DALLAS – Thousands of Texans remained without power Wednesday, victims of severe storms packing hail (search) and high wind that rolled north into Oklahoma, where they downed power lines and delayed airline flights.
About 280,000 homes and businesses across the Dallas-Fort Worth area remained without electricity, and it could be several days before power is fully restored, said TXU Electric Delivery (search) spokeswoman Carol Peters.
"This particular storm was in another realm," she said.
The storms also left about 100,000 Oklahomans without power. One person died in Texas while driving on a rain-slick road, and in Kansas, high wind derailed an empty train.
Damage in the Dallas-Fort Worth area was tentatively estimated at about $100 million by the Southwestern Insurance Information Service (search), an industry group. Most of the damage was due to wind, spokeswoman Sandra Ray said.
Many Texans dealt with the lingering outage as best they could.
Joy Nguyen's family in Dallas had their refrigerator shut off about 9 p.m. and she was trying to preserve food by packing it with dry ice.
"My husband, who works at home and uses his computer to do most of his work, is pulling his hair out because he can't get anything done," she said. "Today is such a bad day."
As Dallas-Fort Worth assessed the damage, travelers were told to stay away from windows at the Tulsa International Airport in Oklahoma as winds up to 80 mph raked the area, said Ken Miller, the airport's deputy director. Flights were delayed until the storm passed.
Airport Director Brent Kitchen said a 50-foot by 75-foot strip of insulation was torn off a concourse's concrete roof. "It was blowing pretty strong," he said.
Utility companies reported about 100,000 without power in Oklahoma. In Tulsa, windows were shattered and roofs damaged.
At the 15-story WilTel Co. building in downtown Tulsa, dozens of windows were broken, forcing about 1,300 employees to be evacuated, said company spokeswoman Cheena Pazzo.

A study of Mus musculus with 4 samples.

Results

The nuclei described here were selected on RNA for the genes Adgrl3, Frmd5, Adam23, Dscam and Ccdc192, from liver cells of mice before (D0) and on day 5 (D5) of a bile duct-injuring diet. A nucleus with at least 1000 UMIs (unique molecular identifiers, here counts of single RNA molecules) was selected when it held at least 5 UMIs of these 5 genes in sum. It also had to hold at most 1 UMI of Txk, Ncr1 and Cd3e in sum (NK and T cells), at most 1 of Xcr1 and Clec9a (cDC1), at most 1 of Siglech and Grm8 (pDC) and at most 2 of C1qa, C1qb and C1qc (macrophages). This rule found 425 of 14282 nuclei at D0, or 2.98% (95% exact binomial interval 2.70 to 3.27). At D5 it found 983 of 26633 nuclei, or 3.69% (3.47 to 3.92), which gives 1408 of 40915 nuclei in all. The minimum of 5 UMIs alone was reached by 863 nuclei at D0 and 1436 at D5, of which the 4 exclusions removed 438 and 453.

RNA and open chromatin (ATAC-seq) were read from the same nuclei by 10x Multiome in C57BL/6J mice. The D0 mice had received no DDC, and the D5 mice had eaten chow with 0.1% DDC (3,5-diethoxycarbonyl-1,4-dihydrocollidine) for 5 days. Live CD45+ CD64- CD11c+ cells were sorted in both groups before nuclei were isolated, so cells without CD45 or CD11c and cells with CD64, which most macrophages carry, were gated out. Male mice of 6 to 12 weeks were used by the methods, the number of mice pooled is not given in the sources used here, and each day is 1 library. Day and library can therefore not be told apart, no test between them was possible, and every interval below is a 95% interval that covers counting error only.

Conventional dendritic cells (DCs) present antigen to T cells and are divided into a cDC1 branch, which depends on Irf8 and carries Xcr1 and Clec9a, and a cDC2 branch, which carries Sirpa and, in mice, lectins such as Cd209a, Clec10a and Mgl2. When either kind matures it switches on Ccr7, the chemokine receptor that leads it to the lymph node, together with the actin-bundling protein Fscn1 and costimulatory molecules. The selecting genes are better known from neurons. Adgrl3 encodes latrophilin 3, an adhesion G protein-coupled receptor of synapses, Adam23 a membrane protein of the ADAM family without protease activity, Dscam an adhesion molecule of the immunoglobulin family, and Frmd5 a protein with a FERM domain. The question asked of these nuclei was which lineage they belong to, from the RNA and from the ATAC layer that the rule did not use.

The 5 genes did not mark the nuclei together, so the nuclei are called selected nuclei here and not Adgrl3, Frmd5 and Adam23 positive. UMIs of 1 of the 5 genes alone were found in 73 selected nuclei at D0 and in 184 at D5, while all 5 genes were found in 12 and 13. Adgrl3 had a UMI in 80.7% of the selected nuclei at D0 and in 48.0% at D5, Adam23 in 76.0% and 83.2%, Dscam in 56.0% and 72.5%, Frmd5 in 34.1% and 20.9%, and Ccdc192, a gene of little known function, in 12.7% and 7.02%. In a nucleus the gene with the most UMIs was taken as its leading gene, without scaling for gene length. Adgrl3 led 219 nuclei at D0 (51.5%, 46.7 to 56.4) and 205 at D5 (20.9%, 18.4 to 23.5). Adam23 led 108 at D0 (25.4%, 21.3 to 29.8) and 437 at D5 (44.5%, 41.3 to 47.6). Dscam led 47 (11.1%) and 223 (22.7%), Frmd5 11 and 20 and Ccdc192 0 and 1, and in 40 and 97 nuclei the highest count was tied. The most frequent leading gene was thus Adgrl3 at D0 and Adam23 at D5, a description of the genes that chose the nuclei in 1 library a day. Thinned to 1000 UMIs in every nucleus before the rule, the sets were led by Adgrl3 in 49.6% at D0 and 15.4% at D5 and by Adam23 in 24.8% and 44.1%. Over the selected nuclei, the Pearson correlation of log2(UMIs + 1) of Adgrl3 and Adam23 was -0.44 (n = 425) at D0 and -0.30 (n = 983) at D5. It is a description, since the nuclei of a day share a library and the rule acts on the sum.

Glass covered a street in front of the building and the Federal Aviation Administration closed the airspace above to prevent vibrations from media helicopters from sending more windows crashing to the street below. Police closed streets surrounding the building.
Outside Wright, Kan., high winds derailed 68 empty grain cars, officials said. The cars were empty and no one was injured.
The Burlington Northern-Santa Fe train, bound for St. Joseph, Mo., was returning from El Paso, Texas, said company spokesman Steve Forsberg.
A quarter-mile away, winds also blew over a tractor-trailer, Smith said. No injuries were reported.
On Tuesday, thunderstorms pounded parts of Texas with hail as big as tennis balls and wind blasting to more than 80 mph, halting flights at two airports and blacking out more than a half-million customers.
Some of the areas of northern and central Texas got 21/4 inches of rain late Tuesday, flooding streets in Arlington more than a foot deep.
By Wednesday morning, the storms had blown east and north. More than a half-million customers lost power at the height of the storms.
Also Wednesday, Indiana Gov. Joe Kernan asked President Bush to declare parts of Indiana a federal disaster area after 17 tornados ripped through the state Sunday, destroying or damaging hundreds of homes. State officials estimate that residents in five counties may be eligible for federal aid.